McCarthy Completes High-Tech University of Arizona Research Building

By Eric Althoff

TUCSON, Ariz.—The design-build team of SmithGroup and McCarthy Building Companies has finished up work on the $85 million University of Arizona Applied Research Building (ARB), which will be home to the world’s single largest vacuum chamber, a cutting-edge apparatus that simulates outer space conditions and thus will be vital to extra-Earth research.

The 89,000-square-foot ARB will be the nation’s first freestanding educational structure dedicated specifically to the fabrication and testing of satellites.  The ARB will be home to Arizona’s applied physical sciences and engineering departments, uniting under one roof eight different science disciplines including astronomy, optical sciences and medicine.  This marks a significant collaboration between Arizona and NASA in the fields of astrophysics and space science.

The ARB will also host clean rooms, laboratories as well as an “anechoic”—or echo-proof—chamber that will be ideal for sound-testing satellite communications apparatuses.  Large bay labs on the facility’s north-facing edge will also be used for building high-altitude stratospheric balloons and nanosatellites, also known as “CubeSats.”  In addition, the ARB features a testing facility to measure the durability of airplane wings and various other sensitive equipment.

SmithGroup and McCarthy commenced on the design-build process in the fall of 2019, with ground first broken for the ARB in June 2021.  Among SmithGroup’s duties included not just architectural design but also fire protection and safety engineering, landscape planning, lighting design, and mechanical, electrical and plumbing (MEP) engineering.  Among the general contractors roles, McCarthy was tasked with ensuring covid-compliance as much of the work had to be undertaken as the pandemic continued to rage.  Subcontractors on the job included Sextant, Colin Gordon, Comfort Systems, Sturgeon Electric, Dibble Corporation and Magnum Paving.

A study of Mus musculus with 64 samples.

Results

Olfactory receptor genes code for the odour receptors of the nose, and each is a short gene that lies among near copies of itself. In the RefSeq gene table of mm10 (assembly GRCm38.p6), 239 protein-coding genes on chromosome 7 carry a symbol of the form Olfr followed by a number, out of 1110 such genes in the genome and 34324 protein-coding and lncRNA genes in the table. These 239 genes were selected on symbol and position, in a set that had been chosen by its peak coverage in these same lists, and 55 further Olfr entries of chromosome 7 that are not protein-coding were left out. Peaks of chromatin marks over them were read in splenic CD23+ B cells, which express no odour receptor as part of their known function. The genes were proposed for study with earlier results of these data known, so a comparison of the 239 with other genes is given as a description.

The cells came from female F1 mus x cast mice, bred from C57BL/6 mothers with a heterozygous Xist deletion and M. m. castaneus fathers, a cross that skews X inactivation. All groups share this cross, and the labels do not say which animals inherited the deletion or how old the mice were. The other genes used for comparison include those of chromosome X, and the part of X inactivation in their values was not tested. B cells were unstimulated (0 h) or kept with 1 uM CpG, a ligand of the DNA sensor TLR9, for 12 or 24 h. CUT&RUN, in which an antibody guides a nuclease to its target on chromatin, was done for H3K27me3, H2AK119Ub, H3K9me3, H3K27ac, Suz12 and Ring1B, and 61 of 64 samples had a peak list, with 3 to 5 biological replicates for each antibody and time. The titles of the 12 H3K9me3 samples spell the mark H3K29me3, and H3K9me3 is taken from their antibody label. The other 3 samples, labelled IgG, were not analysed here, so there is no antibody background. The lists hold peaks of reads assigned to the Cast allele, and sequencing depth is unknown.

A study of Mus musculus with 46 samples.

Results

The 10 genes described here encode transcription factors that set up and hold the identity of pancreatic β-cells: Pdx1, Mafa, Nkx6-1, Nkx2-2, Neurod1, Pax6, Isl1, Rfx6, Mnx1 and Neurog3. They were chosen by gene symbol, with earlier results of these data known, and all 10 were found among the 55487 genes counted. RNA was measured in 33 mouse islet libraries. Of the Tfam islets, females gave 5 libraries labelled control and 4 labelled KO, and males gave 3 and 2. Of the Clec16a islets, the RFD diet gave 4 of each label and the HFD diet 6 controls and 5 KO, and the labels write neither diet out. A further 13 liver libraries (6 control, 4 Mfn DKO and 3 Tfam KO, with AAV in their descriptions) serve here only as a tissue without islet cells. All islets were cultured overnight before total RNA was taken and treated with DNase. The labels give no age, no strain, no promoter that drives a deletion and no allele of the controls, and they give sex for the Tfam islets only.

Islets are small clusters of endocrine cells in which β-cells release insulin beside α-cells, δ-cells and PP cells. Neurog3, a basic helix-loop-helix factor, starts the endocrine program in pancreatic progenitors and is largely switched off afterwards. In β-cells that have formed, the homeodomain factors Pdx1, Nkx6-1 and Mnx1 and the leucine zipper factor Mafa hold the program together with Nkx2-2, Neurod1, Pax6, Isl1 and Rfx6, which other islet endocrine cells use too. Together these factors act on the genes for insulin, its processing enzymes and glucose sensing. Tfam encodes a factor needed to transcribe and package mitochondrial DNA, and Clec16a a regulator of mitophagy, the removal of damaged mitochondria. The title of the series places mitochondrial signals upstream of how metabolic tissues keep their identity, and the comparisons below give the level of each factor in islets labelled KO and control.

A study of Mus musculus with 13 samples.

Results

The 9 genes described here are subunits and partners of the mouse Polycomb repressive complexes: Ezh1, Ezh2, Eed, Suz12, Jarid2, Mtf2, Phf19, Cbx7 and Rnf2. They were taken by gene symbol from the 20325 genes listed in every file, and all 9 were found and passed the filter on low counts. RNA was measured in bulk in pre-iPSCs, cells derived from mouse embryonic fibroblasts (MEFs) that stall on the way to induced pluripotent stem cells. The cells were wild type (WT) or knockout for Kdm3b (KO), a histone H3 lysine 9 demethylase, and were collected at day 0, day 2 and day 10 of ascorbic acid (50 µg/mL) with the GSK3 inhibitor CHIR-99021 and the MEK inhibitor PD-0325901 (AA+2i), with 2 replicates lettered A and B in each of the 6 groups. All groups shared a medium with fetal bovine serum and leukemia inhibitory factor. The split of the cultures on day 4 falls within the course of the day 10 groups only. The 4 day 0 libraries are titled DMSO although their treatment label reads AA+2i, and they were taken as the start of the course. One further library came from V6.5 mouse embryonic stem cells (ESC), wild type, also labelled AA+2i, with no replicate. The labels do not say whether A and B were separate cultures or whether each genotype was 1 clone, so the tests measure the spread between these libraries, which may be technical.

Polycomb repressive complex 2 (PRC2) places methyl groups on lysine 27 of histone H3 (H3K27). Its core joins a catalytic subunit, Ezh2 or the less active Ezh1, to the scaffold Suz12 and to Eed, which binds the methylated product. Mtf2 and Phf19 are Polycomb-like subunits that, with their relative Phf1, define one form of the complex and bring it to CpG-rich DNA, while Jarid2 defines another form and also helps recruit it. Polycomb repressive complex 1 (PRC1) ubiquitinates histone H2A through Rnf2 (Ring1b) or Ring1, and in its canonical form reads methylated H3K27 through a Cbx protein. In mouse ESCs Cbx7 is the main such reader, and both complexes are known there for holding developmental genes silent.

Elizabeth “Betsy” Cantwell, UofA’s senior vice president for research and innovation, said that the ARB displays Arizona’s commitment to scientific inquiry and the ongoing development of space exploration capabilities.

“These are high-impact fields which not only touch, but drive forth, several aspects of the Fourth Industrial Revolution,” Cantwell said.  “Applied research capabilities and outcomes will be augmented with state-of-the-art equipment and technology and several interdisciplinary university programs working together under one roof.”

“Befitting the cutting-edge work occurring within, the new ARB is a space-age marvel,” said Mark Kranz, design director at SmithGroup.  “Radical in design, the building itself is a highly calibrated machine, uniquely suited to house complex and sensitive research demands with optimal performance in its desert environment.

Added Antonya Williams, executive vice president of McCarthy’s Education Group: “The University of Arizona has been a leader in design-build, and this project is a great example of how the process brings a vision to life and provides the community that it serves a facility that will achieve remarkable things.

“We are grateful to have helped deliver this world-class project for the university and are thrilled that it will function to continue fostering a culture of collaboration for the campus and its researchers.”